Features Magazine News Volume 69, Issue 8

Social Distancing Within Enterprise: Student Point of View

by Ally Hoogs

Graphic by Luke Theodossy

In a recently conducted poll of 100 Las Lomas students, 78% of people agreed with the idea of store entry limitations and the upholding of social distancing orders amidst the current quarantine. 17% were indifferent and 6% were unhappy with the order. 

One of the main issues that respondents complained about was that it is a hassle to wait in a line for an extended period of time. Junior Sara Long said,“[I have] to wait in line to get into a store which is not something I’m used to but I understand and would rather have it this way than let everyone in at once.”

Sophomore Aya Banaja commented that it “takes a longer time to get grocery shopping done, but it keeps us safe” in a time of intense fear of contracting the virus from others. 

Senior Max Hess described an interaction his family member had as “the general unraveling of civil society. When each individual is induced to fear any interaction with the other, any interactions which do occur become hostile and depersonalized…this effect has been amplified recently due to the rules now in place.” But he also mentioned that with the chaos, “these health precautions are too important to forego.”

When asked if he would change anything about the implementation of the social distancing measure inside stores, Hess said that he believes “each store manager knows best what is necessary to protect their establishment against contagion.”

The CDC wrote in one of their reports that “Employers should work with their local and state health departments to ensure appropriate local protocols and guidelines,” including educating staff, and adhering to “OSHA’s standards on Bloodborne Pathogens (29 CFR 1910.1030external icon)” which was given by the CDC. 

The Sanfrancisco county and city government (Sf.gov) gave out a report that explains how employers can adhere to certain guidelines to help reduce the risk of COVID-19 infections via the workplace. They require contactless pay options, reduced staff, and having a place for staff and customers to sanitize their hands. Businesses are also required to limit the number of people in their workplaces, require all workers and customers wear a protective mask, and help customers and staff adhere to social distancing protocols, including staying six feet apart at all times.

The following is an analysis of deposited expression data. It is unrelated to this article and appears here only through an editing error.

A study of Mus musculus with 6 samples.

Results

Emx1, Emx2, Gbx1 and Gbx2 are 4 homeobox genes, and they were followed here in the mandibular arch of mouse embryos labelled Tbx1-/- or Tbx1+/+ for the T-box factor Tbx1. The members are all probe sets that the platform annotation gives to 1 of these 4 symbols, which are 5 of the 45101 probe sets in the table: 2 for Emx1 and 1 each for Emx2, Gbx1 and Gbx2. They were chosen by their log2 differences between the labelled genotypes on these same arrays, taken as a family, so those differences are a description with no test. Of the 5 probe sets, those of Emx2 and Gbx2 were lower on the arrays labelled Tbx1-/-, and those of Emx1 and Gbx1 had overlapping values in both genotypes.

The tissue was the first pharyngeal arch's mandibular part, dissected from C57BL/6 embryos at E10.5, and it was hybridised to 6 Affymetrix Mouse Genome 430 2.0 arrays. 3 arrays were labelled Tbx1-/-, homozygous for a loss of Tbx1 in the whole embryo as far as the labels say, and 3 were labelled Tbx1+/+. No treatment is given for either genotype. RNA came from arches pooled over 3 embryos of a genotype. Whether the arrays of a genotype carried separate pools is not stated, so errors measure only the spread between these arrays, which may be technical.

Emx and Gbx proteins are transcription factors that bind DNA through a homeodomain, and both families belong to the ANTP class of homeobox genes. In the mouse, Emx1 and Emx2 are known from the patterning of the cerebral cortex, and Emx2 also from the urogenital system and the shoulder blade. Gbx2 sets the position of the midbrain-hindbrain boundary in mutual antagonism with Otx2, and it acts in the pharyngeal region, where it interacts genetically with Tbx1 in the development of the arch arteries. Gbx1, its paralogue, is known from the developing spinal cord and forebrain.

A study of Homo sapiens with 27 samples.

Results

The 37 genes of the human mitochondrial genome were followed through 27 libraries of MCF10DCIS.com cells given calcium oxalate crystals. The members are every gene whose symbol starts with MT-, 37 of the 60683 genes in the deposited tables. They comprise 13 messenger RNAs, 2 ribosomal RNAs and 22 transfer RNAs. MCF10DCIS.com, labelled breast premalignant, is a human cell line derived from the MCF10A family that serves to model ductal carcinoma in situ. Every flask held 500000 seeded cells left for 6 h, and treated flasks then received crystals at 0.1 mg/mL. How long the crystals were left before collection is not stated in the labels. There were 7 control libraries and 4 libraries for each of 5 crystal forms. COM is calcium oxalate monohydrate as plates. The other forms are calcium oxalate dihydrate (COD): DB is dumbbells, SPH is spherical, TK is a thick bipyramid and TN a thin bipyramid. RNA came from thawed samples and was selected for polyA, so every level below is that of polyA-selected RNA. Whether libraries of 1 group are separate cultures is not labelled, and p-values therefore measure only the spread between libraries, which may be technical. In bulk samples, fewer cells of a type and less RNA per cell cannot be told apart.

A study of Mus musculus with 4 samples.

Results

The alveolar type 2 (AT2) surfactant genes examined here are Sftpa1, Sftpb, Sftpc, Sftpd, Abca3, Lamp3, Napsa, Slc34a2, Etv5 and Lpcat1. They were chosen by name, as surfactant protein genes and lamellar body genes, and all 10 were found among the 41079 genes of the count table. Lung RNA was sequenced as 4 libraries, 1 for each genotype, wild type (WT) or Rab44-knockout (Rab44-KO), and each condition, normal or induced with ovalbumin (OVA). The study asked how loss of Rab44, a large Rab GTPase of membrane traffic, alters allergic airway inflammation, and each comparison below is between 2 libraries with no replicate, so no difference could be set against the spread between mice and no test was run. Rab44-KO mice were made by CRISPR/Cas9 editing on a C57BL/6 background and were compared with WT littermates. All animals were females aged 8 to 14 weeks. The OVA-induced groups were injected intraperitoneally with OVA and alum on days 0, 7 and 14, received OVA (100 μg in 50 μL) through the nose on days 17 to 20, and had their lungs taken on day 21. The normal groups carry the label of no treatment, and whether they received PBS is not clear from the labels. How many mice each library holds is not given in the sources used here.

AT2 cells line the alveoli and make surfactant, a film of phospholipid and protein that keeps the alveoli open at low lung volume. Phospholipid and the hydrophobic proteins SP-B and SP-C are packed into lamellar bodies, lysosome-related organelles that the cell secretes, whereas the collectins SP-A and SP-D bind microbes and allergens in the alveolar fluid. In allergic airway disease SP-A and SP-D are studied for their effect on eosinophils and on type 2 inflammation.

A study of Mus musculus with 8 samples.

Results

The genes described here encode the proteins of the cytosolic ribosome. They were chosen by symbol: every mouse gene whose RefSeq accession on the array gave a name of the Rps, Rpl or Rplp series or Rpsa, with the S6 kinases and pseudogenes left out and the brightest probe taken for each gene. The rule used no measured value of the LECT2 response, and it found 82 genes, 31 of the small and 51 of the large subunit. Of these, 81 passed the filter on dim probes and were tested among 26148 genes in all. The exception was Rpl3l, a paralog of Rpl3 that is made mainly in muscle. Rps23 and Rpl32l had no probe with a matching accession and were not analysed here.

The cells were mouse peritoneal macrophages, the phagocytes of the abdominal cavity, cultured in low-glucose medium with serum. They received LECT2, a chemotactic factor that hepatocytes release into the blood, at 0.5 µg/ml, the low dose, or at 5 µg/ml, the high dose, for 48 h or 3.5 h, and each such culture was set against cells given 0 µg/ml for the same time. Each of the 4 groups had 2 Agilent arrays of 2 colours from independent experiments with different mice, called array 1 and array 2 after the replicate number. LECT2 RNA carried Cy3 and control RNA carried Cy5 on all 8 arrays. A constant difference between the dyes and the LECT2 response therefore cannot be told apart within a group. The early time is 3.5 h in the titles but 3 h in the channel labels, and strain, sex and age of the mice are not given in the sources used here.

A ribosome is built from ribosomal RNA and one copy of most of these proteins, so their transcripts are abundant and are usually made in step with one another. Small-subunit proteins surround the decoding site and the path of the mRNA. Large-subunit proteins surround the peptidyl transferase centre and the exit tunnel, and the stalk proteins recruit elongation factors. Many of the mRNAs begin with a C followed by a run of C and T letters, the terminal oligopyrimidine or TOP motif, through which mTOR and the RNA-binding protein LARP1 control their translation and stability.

Despite a few regulations, it is up to the workers and establishment on how they would enact any change in how they are going about the prevention of COVID-19. All businesses that are to remain open are expected and required to adhere to as many regulations set out as possible, to ensure the safety of staff and customers, but it is up to them to provide a specific plan for their business that covers all of the necessary protection procedures outlined by the CDC and their local government. 

Although businesses might have not found or implemented the most efficient way currently, it is still important to Las Lomas students that establishments help keep the Walnut Creek community safe and healthy while the situation is still in the midst of being contained.